If the past five years of war have proven anything good at all, it is the saying that
“what doesn’t kill you, makes you stronger.”
It is true that the brutality of war bit into our souls, crushed our dreams, and stripped our lives of all means of happiness, but it also has taught us tons of things that shape who we are right now. We’ve been taught, by the ugliest ways, that even though life is not fair you cannot surrender. And we won’t surrender. We have made the decision to hold up to our dreams, and to keep fighting for a brighter future, no matter how cruel our life gets.
As Syrian youth, we are very aware of the importance of education. We know that at a workplace there are no excuses. We know that no one will hire us if we are not well-educated and fully trained. It’s not easy to maintain a quality education under a war-torn sky. However, we are creating opportunities, digging for knowledge the way workers dig for gold. We know we will reach our goals one day. We want to keep reminding ourselves, and to remind the world, that no one has an excuse for being uneducated. If we are managing to get by, you too can get by.
We believe in the power of words. So, we are sending a message through this TED talk and we deeply hope that it reaches as many Syrian and non-Syrian students as possible. Here is the link for the talk:
About the author:
Tarek Turk, 6th year medical student in a six-year program at Damascus University, Syria. I have always seen myself as a clinician and a researcher, and have worked hard my entire life to achieve this goal. I believe that we were not meant to pass from this life without leaving a trace, and I decided to leave a trace in science. I have major interests in knowledge synthesis, Evidence-based healthcare, and linking medicine to artificial intelligence. Tarek may be reached at firstname.lastname@example.org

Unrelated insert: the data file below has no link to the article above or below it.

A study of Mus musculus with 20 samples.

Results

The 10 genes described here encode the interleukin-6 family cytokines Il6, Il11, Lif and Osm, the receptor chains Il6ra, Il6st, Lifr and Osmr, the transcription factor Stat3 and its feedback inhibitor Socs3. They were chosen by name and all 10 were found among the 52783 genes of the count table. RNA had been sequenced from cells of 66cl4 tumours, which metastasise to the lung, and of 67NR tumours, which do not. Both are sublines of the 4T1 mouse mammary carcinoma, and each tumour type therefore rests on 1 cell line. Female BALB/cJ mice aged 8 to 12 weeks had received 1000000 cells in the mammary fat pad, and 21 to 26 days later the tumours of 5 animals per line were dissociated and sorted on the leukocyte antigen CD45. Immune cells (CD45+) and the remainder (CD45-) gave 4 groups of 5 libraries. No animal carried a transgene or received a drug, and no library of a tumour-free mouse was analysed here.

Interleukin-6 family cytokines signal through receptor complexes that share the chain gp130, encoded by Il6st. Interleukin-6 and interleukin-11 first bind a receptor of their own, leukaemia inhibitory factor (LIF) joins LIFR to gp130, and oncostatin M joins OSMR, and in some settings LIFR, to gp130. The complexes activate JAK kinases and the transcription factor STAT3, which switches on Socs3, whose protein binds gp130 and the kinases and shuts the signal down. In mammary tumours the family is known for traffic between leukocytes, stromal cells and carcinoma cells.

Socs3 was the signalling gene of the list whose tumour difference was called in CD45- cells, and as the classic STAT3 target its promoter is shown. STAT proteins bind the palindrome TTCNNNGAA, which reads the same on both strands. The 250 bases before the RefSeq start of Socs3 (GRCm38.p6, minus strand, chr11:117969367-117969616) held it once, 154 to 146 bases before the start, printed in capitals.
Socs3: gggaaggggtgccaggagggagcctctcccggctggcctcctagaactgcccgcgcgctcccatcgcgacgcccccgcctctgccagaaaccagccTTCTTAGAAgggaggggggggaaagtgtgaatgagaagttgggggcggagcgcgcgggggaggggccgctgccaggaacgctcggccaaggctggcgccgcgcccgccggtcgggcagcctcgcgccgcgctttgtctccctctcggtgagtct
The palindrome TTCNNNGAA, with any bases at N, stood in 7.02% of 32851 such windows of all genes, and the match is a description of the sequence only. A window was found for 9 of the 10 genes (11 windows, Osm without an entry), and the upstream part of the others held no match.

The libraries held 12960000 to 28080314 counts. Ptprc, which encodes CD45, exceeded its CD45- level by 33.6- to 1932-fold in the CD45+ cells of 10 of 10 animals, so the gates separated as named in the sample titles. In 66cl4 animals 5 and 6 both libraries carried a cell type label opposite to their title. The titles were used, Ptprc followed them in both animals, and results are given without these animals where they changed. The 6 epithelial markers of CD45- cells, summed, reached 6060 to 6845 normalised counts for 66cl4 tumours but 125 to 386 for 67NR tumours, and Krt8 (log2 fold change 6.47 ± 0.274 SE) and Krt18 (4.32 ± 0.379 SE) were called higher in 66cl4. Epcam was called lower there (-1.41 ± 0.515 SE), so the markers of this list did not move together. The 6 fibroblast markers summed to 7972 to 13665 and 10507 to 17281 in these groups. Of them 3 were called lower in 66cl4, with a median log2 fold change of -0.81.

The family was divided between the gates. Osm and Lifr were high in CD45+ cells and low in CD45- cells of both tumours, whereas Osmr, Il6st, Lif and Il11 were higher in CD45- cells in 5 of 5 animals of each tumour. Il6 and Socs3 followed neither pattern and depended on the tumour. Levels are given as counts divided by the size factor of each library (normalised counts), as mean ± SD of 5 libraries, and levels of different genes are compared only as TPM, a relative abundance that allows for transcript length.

Guest Authors Initiative:
The IIT Syrian student blog welcomes guest contributions from university students from Syria and around the globe. To learn more about the Guest Authors Initiative, please contact Suhaib at email@example.com.
Suhaib was born in Kamishli, Syria, and earned his bachelor’s degree in December 2014 from Illinois Institute of Technology’s Armour College of Engineering, with earlier studies at Aleppo University and Damascus University. Suhaib majored in Civil Engineering with a concentration in structural engineering. Upon graduation, he accepted a position as a project engineer working on projects throughout the state of Illinois; he lives in Springfield, Illinois. Suhaib previously worked with Jasmine Baladi Studio, an NGO that works to support Syrian children in refugee camps in Turkey. Suhaib regularly writes for the Syrian Students for a Better Future Blog.